Living In A Material World
A look inside the Westinghouse Materials Center of Excellence.
When the iconic pop singer Madonna had her 1980s hit “Material Girl” she sang, “we are living in a material world, and I am a material girl.” At the Westinghouse Materials Center of Excellence, located in Churchill, Pennsylvania, USA, there are more than 70 employees living in the material world. Here, though, instead of obsessing over diamond rings and Lamborghinis, this crew is interested in reactor vessel internals and other irradiated nuclear components.
The facility received an $8 million USD renovation two years ago, but the vast array of specialized equipment and controls that the building houses are valued at far more than that. That’s much more impressive than rings and sports cars, right?
The facility has the rarity factor going for it as well—there are only three labs in the U.S. that perform testing and analysis like this commercially. “We’re all a little bit different, but this is the only one that actually caters to the reactor vessel materials, said Greg Kustra, a technician who has worked at the facility for more than 40 years.
At the heart of the facility is the Westinghouse Gamma Irradiation Hot Cell, which provides real-time, in situ evaluation of gamma-ray irradiation effects in materials, components and systems. In addition, the lab has electronic neutron generator systems to perform prompt gamma and neutron analyses of samples to determine the composition and characteristics of a wide range of product and materials.
There are also low-level hot cells for material testing. Having both high- and low-level cells allows Westinghouse customers to do a variety of tests in a short amount of time. “We’re unique in that we can reconfigure a lot easier than other places can,” Kustra said. “We can go into the low-level cell, clean things up and get it ready for something else within a few days. It’s really something that we feel is a great asset for our customers.”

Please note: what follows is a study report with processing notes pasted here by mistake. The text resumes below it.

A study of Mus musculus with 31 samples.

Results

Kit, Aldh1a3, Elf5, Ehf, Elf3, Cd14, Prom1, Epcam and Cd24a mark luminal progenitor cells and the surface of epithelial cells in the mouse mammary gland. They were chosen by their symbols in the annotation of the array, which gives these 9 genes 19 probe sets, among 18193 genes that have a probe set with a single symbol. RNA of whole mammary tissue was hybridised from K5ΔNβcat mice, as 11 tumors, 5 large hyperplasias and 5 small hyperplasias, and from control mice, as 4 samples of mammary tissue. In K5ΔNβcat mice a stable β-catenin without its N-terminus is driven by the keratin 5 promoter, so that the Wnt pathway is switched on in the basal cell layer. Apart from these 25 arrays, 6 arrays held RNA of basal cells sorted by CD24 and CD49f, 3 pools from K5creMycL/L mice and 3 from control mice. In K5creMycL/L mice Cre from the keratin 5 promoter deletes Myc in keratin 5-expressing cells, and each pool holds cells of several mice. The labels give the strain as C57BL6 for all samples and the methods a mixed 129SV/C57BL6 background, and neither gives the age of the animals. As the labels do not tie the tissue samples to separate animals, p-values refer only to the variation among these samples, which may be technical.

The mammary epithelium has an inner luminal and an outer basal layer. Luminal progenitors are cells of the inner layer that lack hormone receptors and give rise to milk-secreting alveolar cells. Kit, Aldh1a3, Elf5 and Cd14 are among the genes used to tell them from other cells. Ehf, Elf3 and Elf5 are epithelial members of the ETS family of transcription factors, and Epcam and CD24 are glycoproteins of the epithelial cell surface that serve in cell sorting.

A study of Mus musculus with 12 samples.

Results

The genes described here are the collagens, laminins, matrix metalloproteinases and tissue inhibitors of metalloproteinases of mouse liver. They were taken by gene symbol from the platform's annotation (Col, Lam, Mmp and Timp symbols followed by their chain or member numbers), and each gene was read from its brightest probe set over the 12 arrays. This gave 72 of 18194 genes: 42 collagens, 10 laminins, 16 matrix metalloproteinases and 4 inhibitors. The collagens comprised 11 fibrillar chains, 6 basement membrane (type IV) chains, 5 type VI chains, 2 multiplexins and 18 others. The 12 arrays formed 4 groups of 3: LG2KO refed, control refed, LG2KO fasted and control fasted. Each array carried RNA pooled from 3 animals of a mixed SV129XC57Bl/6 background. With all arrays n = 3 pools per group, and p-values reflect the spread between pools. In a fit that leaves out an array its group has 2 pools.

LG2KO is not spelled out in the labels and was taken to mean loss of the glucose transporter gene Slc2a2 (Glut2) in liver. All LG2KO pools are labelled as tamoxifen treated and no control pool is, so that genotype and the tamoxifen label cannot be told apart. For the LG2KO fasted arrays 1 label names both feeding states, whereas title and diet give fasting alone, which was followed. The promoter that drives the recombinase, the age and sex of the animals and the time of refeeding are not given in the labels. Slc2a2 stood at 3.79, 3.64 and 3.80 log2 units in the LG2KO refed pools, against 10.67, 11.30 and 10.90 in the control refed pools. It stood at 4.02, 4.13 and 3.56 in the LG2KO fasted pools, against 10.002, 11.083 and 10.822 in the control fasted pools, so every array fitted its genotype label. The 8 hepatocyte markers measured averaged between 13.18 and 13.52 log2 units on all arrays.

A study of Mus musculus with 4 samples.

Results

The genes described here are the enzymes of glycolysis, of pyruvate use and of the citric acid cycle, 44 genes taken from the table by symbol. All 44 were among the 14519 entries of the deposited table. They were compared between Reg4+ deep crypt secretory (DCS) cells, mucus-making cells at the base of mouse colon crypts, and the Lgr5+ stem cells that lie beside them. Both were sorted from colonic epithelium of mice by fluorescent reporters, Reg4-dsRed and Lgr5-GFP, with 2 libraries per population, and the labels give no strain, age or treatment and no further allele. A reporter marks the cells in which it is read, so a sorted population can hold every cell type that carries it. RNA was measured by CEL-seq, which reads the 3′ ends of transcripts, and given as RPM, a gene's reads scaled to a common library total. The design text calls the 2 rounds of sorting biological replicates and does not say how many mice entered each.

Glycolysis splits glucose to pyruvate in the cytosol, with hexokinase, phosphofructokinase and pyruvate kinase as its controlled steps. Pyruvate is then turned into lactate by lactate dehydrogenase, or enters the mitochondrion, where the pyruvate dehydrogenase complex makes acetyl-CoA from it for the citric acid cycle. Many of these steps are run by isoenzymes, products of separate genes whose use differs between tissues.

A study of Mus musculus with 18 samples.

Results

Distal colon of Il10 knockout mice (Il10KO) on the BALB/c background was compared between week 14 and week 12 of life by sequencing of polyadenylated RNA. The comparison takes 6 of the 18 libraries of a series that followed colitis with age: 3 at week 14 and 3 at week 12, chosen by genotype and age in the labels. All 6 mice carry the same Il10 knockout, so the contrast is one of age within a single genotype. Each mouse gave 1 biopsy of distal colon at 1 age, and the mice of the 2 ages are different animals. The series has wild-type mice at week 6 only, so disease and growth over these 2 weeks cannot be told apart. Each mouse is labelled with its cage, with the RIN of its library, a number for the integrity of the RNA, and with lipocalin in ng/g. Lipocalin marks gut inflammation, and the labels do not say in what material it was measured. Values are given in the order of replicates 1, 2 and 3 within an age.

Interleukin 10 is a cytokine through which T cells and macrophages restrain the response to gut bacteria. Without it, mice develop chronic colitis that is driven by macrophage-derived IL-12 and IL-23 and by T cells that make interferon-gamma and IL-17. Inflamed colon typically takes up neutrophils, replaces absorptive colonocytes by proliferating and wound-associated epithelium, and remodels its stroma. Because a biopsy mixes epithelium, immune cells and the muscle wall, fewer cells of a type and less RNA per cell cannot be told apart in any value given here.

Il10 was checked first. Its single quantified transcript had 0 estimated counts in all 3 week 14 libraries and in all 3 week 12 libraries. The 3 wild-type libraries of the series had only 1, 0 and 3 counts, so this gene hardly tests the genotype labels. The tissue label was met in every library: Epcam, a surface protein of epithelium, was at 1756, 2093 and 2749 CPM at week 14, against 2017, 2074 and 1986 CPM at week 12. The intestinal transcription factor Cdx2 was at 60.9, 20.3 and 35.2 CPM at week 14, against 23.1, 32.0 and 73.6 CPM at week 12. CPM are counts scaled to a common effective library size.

When a nuclear power plant is operating, materials in the reactor vessel are bombarded with neutrons which make metals and other materials more brittle over time. It’s important to inspect these materials to ensure that they are properly withstanding this harsh environment. With the lab’s Surveillance Capsule Program, the facility can safely bring in irradiated materials into the lab from a commercial nuclear power plant, and analyze it in one of the various hot cells over time.
The facility also has a hot-scanning electron microscope (SEM) elevator in the high-level hot cell. This takes the material from the high level cell below and brings it up to the area where the SEM is located. “Lots of places have scanning electron microscopes, but not many people have one that allows you to put highly radioactive materials in them and take a look”, Kustra said. “You can tell whether the material has a stress fracture, corrosion, or fatigue. It’s a very unique feature of the facility.”
The facility also has a radio chemistry lab with a wide range of analytical equipment. Moving throughout the expansive facility, you’ll see more SEMs, as well as Mechanical testing, microstructural characterization, and analytical chemistry laboratories.
If Madonna were to tour the facility, even she would be impressed.
Want to learn more about the Westinghouse Materials Center of Excellence? Click here to read more.